Book & lyrics by Anthony Drewe, music by George Stiles, additional book by Elliot Davis
From 03 August 2012 to 09 September 2012
Review by Anna Jones
Cinderella has never been so hot. Soho Cinders explodes with great energy, a significant nod to British pantomime, and tremendous performances onto the trendy Soho Theatre stage.
A new musical by George Stiles and Anthony Drew (Betty Blue Eyes) developed with Mercury Musicals and Elliot Davis (Loserville) contributing to the book, Soho Cinders is a contemporary retelling of the classic fairytale Cinderella. This time, Cinderella is Robbie (Tom Milner) a college student trying to fund himself through education by being a male escort. He is also fighting to retain ownership of his mum’s laundrette helped by Velcro (Amy Lennox), musical theatre’s modern answer to the pantomime character Buttons. In his way are the ugly step-sisters; Dana (Beverly Rudd) and Clodagh (Suzie Chard).
To make matters worse, Robbie is also dealing with a highly complicated political sex-scandal situation involving a mayor (Michael Xavier), his wife (Jenna Russell), a jaded campaign manager (Gerard Carey) and a highly jealous private funder Lord Bellingham (Neil McCaul). It even features the voice of Stephen Fry as the narrator to keep the story rollicking along.
Jenna Russell is fantastic in her role as the mayor’s wife, bringing truth and poignancy to the character’s highly complex relationship. Milner has a unique vocal quality: smooth and strong, well-suited to the score which draws influence from contemporary pop music. Particularly touching is the duet “Wishing For the Normal”, sung with Lennox; it is the perfect example of when simple is best.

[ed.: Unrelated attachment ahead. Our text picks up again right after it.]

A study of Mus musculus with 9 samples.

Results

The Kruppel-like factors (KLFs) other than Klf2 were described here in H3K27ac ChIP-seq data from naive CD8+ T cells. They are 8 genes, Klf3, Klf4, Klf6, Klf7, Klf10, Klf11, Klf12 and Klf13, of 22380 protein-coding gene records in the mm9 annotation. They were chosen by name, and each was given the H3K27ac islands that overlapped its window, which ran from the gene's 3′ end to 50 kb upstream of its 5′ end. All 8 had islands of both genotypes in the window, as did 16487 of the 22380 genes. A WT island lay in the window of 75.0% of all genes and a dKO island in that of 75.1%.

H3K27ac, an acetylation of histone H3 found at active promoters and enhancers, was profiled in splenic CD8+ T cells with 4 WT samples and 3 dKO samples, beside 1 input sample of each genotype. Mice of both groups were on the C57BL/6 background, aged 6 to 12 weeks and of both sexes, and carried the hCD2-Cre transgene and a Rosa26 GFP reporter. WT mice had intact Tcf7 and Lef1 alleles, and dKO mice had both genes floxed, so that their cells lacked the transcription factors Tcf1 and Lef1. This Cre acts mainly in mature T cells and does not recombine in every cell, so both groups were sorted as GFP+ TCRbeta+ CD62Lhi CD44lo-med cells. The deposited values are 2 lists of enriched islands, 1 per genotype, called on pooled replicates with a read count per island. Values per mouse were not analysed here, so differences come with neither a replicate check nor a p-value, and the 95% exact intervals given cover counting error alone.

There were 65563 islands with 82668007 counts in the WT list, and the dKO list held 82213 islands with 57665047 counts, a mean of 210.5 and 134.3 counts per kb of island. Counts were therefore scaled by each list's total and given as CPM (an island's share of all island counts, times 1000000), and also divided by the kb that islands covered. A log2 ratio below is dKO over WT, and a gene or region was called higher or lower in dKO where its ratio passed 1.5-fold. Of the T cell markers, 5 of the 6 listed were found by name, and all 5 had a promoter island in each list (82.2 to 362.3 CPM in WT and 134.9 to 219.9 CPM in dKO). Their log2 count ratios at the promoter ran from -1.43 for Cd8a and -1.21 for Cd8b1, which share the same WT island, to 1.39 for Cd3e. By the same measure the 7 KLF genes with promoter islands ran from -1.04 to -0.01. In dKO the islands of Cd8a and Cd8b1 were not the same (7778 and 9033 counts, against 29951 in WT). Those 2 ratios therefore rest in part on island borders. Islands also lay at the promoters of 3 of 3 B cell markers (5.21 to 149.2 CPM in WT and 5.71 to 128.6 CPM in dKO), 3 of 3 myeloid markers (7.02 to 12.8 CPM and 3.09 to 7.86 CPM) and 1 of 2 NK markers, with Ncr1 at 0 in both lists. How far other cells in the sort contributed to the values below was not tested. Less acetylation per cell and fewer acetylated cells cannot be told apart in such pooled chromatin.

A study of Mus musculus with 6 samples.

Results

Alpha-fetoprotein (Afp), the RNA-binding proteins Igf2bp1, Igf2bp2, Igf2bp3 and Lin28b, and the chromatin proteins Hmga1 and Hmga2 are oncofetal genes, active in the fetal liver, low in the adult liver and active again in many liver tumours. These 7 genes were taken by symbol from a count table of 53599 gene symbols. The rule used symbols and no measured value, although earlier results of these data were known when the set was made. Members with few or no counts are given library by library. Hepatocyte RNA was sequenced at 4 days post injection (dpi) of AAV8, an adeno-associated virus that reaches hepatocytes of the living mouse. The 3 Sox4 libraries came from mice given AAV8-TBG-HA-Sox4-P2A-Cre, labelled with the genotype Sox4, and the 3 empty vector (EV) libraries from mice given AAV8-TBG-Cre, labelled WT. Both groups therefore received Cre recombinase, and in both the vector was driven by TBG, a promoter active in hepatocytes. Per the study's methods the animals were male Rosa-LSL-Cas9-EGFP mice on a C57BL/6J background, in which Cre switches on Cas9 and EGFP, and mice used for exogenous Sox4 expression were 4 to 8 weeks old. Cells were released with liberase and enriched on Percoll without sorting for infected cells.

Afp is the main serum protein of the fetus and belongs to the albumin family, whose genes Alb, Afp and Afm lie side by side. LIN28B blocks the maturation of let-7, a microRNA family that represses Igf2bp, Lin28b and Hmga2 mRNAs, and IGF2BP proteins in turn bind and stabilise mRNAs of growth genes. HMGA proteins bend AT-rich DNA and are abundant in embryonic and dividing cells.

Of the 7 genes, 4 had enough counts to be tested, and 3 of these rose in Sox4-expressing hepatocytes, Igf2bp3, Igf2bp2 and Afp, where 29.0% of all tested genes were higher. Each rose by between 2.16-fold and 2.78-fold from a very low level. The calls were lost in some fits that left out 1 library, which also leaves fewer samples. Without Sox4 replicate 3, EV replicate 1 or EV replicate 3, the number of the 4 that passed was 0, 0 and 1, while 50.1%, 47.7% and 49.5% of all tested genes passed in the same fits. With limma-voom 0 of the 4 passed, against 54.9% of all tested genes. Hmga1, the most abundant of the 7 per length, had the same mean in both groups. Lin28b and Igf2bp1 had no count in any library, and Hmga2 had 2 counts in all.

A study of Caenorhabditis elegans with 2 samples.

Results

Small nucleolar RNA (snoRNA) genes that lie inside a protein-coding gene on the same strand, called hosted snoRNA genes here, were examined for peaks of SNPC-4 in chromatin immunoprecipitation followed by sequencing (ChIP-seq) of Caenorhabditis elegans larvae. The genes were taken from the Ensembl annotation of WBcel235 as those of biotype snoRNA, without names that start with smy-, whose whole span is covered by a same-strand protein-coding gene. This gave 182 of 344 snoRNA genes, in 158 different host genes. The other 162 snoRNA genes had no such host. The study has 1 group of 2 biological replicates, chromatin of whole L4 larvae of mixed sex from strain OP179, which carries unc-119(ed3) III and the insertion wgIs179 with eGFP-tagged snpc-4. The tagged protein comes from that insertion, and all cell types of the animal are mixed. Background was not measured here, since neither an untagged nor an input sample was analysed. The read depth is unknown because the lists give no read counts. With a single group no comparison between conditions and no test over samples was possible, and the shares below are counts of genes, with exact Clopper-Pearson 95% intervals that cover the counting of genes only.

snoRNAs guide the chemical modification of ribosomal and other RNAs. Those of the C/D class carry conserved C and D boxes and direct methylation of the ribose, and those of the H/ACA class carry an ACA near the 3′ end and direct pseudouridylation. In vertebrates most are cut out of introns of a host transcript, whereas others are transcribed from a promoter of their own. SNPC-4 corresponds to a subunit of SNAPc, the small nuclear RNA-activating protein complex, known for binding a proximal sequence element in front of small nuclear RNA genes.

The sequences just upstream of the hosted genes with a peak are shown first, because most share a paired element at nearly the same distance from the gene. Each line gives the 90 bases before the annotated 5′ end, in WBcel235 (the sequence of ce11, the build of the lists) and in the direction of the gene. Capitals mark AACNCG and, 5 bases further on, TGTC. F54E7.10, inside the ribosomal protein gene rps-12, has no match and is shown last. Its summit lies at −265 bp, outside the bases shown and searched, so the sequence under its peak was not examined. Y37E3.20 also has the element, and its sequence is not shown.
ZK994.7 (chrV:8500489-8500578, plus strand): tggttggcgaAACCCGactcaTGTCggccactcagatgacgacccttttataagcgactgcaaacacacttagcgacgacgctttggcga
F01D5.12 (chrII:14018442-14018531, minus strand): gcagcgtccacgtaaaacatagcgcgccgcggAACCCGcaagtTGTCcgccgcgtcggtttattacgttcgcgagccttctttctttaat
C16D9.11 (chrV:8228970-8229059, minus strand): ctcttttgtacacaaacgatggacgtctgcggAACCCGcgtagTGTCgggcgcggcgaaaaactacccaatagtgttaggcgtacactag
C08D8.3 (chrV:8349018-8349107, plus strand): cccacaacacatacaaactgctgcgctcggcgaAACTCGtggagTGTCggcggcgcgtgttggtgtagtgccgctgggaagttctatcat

Xavier is charismatic, showing his superior vocal talent, and he is no stranger to the Cinderella story; he was nominated for an Olivier award for best actor in a musical as Cinderella’s Prince / The Wolf in Into the Woods. It is the pantomime dames themselves, however, who completely steal the show.
Vibrant choreography by Drew McOnie showcases dancers in a variety of genres from tango to jazz; the white brick work backdrop wall with giant Old Compton Road street sign in neon-light letters remains throughout the show (set and costume design by Morgan Large), providing a versatile and effective setting for the buzzing world of the opening number: “Old Compton Street”.
After Betty Blues Eyes, which received mainly all-round good reviews and yet still closed early, Stiles and Drewe must be hoping that Soho Cinders will follow a different course of success. This time, they have been able to refine the script and music over a period of many years; they recount in their programme article the changes made after the highly successful charity concert for the Teenage Cancer Trust in 2011. It shows. The script is mostly tight, witty and clear although it is a little stilted in office scenes between Xavier and Carey and more could be made of some cringe worthy buzz word banter.
But otherwise the plot is both light hearted and poignant, delving into highly-complex relationships and issues surrounding gender politics, performed with aplomb by the highly talented cast.